The Mills case was handed down three months after the PARC decision (Rains, 1998). Mills, like PARC was considered by the U. S. District Court of the District of Columbia as a class action suite (Zelin, 1993).
According to Rains (1998), the Mills decision, although similar to PARC in many aspects, went beyond PARC in a number of important ways, including: (a) Mills plaintiffs were not only children with mental retardation, but included children with other types of disabilities; (b) there was no settlement in this decision, therefore the court had to decide the case on its merits; and (c) the court’s decision also addressed funding for educating students with disabilities (p. 10) In Mills v.
Board of Education (1972), the parents and guardians of seven District of Columbia children brought a class action suit against the D. C. Board of Education, the Department of Human Resources, and the mayor for failure to provide all children with a publicly supported education. The plaintiff children ranged in age from 7 to 16 and were alleged by the public schools to present the following types of problems leading to the denial of their opportunity for an education: slight brain damage, hyperactive behavior, epilepsy and mental retardation, and mental retardation with an orthopedic handicap.
Three children resided in public residential institutions with no education program. The others lived with their families and, when denied entrance to programs, were placed on a waiting list for tuition grants to obtain a private education program. However, in none of these cases were tuition grants provided (Mills v. Board of Education, 1972). The defendants claimed that it would be impossible for them to afford the relief sought unless the Congress appropriated more funds or funds were diverted from other educational services for which they had been appropriated.
The court responded: The District of Columbia’s interest in educating the excluded children clearly must outweigh its interest in preserving its financial resources. If sufficient funds are not available for finance of all the services and programs that are needed and desirable in the system, then the available funds must be expended equitably in such a manner that no child is entirely excluded from a publicly supported education consistent with his needs and ability to benefit therefrom.
The inadequacies of the District of Columbia public school system, whether occasioned by insufficient funding or administrative inefficiency, certainly cannot be permitted to bear more heavily on the ‘exceptional’ or handicapped child than on the normal child (Mills v. Board of Education, 1972). Because the District of Columbia was not considered a state or a political subdivision of a state, but rather an arm of the Federal government, the Mills’ Court used the Fifth Amendment of the U.
S. Constitution in making its decision (Zelin, 1993). The Fifth Amendment specifically prohibits the Federal government, rather than state or local governments, from denying any citizen of “life, liberty, or property without due process of law” (Zelin, 1993, p. 11). Unlike PARC, Mills was decided by a judgement against the District of Columbia’s school board (Zettel & Ballard, 1979).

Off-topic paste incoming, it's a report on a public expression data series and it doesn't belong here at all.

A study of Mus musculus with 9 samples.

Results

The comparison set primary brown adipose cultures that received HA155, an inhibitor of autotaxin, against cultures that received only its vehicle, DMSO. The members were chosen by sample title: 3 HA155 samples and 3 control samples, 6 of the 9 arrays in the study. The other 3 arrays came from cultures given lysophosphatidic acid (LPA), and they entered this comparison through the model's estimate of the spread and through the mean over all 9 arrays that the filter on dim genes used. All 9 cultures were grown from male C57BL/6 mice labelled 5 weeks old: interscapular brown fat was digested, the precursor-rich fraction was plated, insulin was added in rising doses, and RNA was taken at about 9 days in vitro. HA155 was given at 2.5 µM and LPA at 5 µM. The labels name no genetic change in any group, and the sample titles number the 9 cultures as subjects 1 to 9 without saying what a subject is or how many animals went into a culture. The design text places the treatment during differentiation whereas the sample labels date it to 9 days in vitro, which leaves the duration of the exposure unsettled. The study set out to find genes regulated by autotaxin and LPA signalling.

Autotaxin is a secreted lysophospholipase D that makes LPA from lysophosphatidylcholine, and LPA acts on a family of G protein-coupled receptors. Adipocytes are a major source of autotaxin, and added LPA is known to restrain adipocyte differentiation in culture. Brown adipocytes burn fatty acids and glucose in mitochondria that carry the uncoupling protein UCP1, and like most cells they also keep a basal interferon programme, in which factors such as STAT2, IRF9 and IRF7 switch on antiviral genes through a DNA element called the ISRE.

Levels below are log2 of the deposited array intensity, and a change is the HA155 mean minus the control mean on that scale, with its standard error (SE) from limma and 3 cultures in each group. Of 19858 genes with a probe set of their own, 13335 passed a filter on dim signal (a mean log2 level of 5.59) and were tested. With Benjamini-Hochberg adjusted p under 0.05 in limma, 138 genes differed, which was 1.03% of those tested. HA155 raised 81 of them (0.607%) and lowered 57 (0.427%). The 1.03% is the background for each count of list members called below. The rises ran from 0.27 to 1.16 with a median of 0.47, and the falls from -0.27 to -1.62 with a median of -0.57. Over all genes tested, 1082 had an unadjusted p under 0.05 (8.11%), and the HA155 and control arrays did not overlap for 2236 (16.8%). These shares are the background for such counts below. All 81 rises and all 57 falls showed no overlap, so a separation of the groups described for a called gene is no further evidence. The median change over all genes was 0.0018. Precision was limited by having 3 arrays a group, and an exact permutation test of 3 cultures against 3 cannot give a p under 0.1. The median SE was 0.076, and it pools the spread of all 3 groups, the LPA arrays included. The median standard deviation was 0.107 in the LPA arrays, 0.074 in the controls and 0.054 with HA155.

The Federal District Court ordered that the District of Columbia must provide all children, regardless of the severity of their disabilities, with a public education. And before any child could be excluded from a regular school program, an individually designed alternative education program had to be provided (Zettel & Ballard, 1979). According to Zelin (1993) the Mills decision directed the District of Columbia to follow very specific procedures for dealing with students with disabilities.
Included in those procedures were requirements for the school district to (a) identify and evaluate each child with a disability, (b) reevaluate the child’s status on a periodic basis, (c) consider placement in a regular education class with appropriate ancillary services as preferable to placement in special schools, (d) provide parent notification of any proposed placement, (e) provide parent notification of their right to an independent evaluation, and (f) conduct an administrative hearing to address parent/school disagreements with services, placements, and suspensions (Zelin, 1993).
The momentum for change was unstoppable after the PARC and Mills decisions. The court cases established three principles that have guided special education law since that time. One is the Constitution’s guarantees of equal protection and due process prevents schools from excluding students solely on the basis of their disabilities. Another is that the parents of students with disabilities must have a range of opportunities, such as impartial hearings and access to the courts, in order to challenge a school’s decisions regarding their children’s educational programs.
Finally, exorbitant costs are no excuse for failure to grant students with disabilities access to the public education system (Palmaffy, 2001). PARC and Mills and the principles they elucidated fueled a surge in litigation during the next two years that resulted in more than thirty federal court decisions upholding the principles of PARC and Mills (U. S. Congress, 1973).